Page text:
DOHA – Harry Maguire has brushed off lingering illness worries to resume training and will once again helm England’s defence when they take on the United States on Friday.
That the news – confirmed by Jordan Pickford in his impromptu role doling out England injury updates – prompts a sigh of relief rather than a howl of anguish speaks volumes for how quickly things can change in the life of the most talked about footballers in this side.
Maguire is a lightning rod for Three Lions criticism and the quickest way to connect with the locals out here in Qatar has been to mention his name. Few seem to rate the Manchester United defender, which is how it has often felt when he’s turned up for England duty over the last 12 months.
More fool them. For all that Maguire’s form in red has been a national obsession, Monday night provided a reminder of the transformation that occurs on the biggest stages with England.
Against an admittedly limited Iran attack, Maguire looked assured as part of Gareth Southgate’s back four. A greater test will be provided by a youthful USA team for whom Tim Weah looked a real threat in their opener but Maguire retains the full confidence of his teammates and manager.
Pickford is one of those prepared to go to bat for Maguire. The pair are no strangers to criticism, aware that their errors are raked over so forensically partly because they are England fixtures now. He is bewildered by those who don’t see the qualities Maguire brings to the team.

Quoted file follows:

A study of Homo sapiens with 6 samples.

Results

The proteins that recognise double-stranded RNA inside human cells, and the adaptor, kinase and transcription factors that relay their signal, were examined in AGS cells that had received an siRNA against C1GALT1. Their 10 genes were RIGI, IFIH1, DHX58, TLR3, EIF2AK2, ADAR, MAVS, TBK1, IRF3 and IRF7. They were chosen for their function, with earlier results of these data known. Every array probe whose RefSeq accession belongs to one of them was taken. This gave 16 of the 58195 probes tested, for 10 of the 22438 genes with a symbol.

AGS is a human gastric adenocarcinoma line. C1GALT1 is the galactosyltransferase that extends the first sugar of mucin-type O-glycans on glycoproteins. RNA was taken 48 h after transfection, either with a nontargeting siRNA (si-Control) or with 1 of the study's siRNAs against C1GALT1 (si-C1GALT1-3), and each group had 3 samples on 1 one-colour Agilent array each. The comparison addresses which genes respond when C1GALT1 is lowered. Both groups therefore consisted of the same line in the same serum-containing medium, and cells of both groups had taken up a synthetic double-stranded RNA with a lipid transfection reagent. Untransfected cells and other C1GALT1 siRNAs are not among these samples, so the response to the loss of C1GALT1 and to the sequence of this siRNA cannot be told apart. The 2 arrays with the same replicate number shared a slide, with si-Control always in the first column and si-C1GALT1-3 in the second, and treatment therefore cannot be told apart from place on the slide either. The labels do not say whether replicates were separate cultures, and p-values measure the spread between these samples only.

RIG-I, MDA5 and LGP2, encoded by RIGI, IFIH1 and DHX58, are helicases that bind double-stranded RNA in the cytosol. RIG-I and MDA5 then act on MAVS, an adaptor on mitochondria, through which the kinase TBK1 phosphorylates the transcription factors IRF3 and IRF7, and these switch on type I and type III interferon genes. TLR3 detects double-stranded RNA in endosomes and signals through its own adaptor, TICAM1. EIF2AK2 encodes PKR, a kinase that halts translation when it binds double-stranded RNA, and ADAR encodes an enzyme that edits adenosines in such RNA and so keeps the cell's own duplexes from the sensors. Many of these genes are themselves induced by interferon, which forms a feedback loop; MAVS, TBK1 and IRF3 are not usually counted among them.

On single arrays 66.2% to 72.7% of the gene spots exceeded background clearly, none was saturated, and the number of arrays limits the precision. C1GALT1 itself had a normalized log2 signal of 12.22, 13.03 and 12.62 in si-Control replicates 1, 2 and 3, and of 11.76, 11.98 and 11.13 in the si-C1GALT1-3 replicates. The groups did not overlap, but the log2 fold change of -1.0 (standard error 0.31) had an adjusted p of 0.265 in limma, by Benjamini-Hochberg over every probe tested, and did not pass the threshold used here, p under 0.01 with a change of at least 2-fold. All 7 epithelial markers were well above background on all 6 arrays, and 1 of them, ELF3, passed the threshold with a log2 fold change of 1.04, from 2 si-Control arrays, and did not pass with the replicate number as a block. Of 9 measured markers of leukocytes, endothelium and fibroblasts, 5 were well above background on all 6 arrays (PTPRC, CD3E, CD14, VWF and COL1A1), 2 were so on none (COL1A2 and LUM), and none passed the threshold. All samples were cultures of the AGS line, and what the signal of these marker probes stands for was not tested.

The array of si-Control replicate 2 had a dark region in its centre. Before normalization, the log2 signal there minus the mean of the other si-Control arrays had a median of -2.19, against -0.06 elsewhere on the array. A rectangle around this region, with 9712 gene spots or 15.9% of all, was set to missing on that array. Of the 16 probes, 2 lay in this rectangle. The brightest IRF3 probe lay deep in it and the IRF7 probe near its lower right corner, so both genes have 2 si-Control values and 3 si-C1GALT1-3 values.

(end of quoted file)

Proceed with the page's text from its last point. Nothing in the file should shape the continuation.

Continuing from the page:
“Harry (Maguire)’s been unbelievable,” he said.
“I’ve got a great relationship with him, the majority of my caps have been with Harry playing in front of me and we work really well together. I think our defensive record with him playing there is really good as well.
“Harry needs to be respected a lot more but that’s football. Part of that is you’re going to be criticised but Harry is mentally strong. I think it’s a bit unfair but his performances on the pitch show how good a player he is and why he’s got so many caps for England. He’s in a very good moment.”
There’s a suitably relaxed air about the England camp that stands in marked contrast to the summer of discontent that has just passed.
Taking apart Iran in their opening game was a reminder of the menace they pose when they play with fluency and ingenuity and the form of Jude Bellingham and Bukayo Saka provides real optimism. But nobody in the camp needs to be reminded that if England are to go deep in the tournament they will need to replicate some of the defensive solidity that carried them through Euro 2020.
It was put to Pickford that England might have reminded themselves of their quality in that opener but he demurred. Confidence has never been a problem for this group.
“Our main aim is to win the World Cup. That’s why everyone’s here and it would be great for us,” he said.
“We do have little conversations about that because it’s what we want, it’s our end goal but we’ve got to get to the end game first.”